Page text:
Dissimilarity Matrix Calculation
Compute all the pairwise dissimilarities (distances) between observations in the dataset. The original variables may be of mixed types.
daisy(x, metric = "euclidean", stand = FALSE, type = list())
- numeric matrix or data frame. Dissimilarities will be computed
between the rows of
x. Columns of mode
numeric(i.e. all columns when
xis a matrix) will be recognized as interval scaled variables, colum
- character string specifying the metric to be used.
The currently available options are
"euclidean"(the default) and
"manhattan". Euclidean distances are root sum-of-squares of differences, and manhattan distances are
- logical flag: if TRUE, then the measurements in
xare standardized before calculating the dissimilarities. Measurements are standardized for each variable (column), by subtracting the variable's mean value and dividing by the
- list containing some (or all) of the types of the
variables (columns) in
x. The list may contain the following components:
"ordratio"(ratio scaled variables to be treated as ordinal variables),
daisy is fully described in chapter 1 of Kaufman and Rousseeuw (1990).
dist whose input must be numeric
variables, the main feature of
daisy is its ability to handle
other variable types as well (e.g. nominal, ordinal, asymmetric
binary) even when different types occur in the same dataset.
daisy algorithm, missing values in a row of x are not
included in the dissimilarities involving that row. There are two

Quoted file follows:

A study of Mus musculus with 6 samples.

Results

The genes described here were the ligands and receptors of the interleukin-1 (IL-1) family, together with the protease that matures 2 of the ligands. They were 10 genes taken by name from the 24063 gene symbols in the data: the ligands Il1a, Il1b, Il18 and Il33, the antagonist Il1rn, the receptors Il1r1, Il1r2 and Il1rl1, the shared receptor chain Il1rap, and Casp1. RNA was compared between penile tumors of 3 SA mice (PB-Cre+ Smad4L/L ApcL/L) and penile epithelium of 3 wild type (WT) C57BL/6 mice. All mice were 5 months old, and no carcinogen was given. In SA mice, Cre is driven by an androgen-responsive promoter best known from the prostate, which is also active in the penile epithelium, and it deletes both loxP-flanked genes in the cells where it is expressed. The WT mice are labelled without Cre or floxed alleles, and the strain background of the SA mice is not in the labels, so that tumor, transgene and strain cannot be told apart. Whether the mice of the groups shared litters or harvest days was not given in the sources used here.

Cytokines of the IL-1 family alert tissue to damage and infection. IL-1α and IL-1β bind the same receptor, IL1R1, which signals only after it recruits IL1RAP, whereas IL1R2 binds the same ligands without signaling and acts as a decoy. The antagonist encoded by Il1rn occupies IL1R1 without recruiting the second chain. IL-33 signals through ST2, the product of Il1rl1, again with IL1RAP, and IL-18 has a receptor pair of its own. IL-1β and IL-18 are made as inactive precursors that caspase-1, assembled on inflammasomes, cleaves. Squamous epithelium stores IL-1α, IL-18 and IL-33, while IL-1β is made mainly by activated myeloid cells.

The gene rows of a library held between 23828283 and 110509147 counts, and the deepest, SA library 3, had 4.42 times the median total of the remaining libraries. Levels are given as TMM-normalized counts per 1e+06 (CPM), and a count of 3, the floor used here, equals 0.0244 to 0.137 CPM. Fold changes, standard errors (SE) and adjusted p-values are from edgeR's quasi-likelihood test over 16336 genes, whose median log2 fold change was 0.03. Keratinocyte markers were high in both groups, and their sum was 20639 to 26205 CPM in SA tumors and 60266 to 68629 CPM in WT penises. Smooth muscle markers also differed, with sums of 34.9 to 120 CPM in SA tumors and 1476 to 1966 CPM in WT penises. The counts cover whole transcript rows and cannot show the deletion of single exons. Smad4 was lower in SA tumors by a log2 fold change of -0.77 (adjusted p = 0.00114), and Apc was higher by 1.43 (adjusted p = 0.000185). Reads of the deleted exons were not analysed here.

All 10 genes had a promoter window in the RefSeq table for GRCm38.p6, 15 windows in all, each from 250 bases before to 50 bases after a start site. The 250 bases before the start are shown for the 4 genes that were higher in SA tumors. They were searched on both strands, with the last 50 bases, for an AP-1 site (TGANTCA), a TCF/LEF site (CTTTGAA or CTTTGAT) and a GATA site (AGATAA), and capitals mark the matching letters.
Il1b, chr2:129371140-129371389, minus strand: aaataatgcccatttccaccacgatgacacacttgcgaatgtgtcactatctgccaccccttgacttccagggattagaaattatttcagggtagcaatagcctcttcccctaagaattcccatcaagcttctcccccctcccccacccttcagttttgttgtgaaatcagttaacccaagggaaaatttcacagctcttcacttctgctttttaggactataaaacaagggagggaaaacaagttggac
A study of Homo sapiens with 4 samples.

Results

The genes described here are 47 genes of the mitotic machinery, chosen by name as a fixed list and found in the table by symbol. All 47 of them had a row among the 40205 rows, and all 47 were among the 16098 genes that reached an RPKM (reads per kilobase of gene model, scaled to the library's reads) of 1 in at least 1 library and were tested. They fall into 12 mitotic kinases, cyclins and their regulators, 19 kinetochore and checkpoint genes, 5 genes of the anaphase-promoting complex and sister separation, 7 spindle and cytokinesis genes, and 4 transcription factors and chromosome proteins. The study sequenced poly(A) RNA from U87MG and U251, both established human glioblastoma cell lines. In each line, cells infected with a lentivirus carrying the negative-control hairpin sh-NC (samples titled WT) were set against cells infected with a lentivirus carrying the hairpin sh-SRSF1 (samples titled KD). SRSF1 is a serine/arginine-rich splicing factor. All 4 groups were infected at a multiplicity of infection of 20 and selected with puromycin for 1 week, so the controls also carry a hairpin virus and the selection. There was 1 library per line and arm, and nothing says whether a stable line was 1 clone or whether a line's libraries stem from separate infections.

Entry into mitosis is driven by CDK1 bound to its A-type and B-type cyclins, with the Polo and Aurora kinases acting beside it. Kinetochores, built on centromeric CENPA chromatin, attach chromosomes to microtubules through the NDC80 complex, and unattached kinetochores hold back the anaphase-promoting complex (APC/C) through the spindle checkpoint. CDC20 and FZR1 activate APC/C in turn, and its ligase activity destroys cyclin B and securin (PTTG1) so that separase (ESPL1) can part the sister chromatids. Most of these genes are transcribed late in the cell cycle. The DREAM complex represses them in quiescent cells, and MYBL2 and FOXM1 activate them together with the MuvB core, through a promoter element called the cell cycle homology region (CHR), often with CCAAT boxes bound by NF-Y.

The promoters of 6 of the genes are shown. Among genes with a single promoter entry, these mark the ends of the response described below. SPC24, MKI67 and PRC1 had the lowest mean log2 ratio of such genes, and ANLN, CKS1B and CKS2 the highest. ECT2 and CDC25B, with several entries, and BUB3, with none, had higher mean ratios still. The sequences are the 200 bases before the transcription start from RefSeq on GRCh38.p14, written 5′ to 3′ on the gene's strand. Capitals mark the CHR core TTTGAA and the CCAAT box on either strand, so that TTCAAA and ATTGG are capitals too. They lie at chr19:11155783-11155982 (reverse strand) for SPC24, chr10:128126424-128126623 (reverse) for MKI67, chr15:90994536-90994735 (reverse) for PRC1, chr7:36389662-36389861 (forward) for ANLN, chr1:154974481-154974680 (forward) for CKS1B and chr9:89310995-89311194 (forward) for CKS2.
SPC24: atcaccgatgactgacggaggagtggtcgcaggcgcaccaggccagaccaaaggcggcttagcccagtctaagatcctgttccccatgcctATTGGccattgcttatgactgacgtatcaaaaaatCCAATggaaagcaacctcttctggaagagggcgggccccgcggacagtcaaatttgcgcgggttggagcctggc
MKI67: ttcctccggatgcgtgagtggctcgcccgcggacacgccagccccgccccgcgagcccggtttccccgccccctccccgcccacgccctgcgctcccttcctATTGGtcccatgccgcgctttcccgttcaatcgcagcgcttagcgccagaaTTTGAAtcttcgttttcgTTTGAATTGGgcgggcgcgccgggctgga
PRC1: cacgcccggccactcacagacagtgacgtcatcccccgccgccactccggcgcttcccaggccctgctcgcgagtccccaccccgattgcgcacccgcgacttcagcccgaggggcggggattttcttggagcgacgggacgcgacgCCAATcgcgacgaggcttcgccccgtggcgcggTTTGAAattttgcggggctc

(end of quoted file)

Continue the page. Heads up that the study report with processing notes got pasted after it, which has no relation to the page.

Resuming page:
- If all variables are interval scaled, the metric is "euclidean", and ng is the number of columns in which neither row i and j have NAs, then the dissimilarity d(i,j) returned is sqrt(ncol(x)/ng) times the Euclidean distance between the two vectors of length ng shortened to exclude NAs. The rule is similar for the "manhattan" metric, except that the coefficient is ncol(x)/ng. If ng is zero, the dissimilarity is NA.
- When some variables have a type other than interval scaled, the dissimilarity between two rows is the weighted sum of the contributions of each variable. The weight becomes zero when that variable is missing in either or both rows, or when the variable is asymmetric binary and both values are zero. In all other situations, the weight of the variable is 1.
The contribution of a nominal or binary variable to the total dissimilarity is 0 if both values are different, 1 otherwise. The contribution of other variables is the absolute difference of both values, divided by the total range of that variable. Ordinal variables are first converted to ranks.
nokis the number of nonzero weights, the dissimilarity is
multiplied by the factor
1/nokand thus ranges between 0 and 1.
nok = 0, the dissimilarity is set to
- an object of class
"dissimilarity"containing the dissimilarities among the rows of x. This is typically the input for the functions
Dissimilarities are used as inputs to cluster analysis and multidimensional scaling. The choice of metric may have a large impact.
Kaufman, L. and Rousseeuw, P.J. (1990). Finding Groups in Data: An Introduction to Cluster Analysis. Wiley, New York.
Struyf, A., Hubert, M. and Rousseeuw, P.J. (1997). Integrating Robust Clustering Techniques in S-PLUS, Computational Statistics and Data Analysis, 26, 17-37.
data(agriculture) ## Example 1 in ref: ## Dissimilarities using Euclidean metric and without standardization d.agr <- daisy(agriculture, metric = "euclidean", stand = FALSE) d.agr as.matrix(d.agr)[,"DK"] # via as.matrix.dist(.) data(flower) ## Example 2 in ref summary(dfl1 <- daisy(flower, type = list(asymm = 3))) summary(dfl2 <- daisy(flower, type = list(asymm = c(1, 3), ordratio = 7)))
https://towardsdatascience.com/hierarchical-clustering-on-categorical-data-in-r-a27e578f2995 There's an articles, and author is using daisy.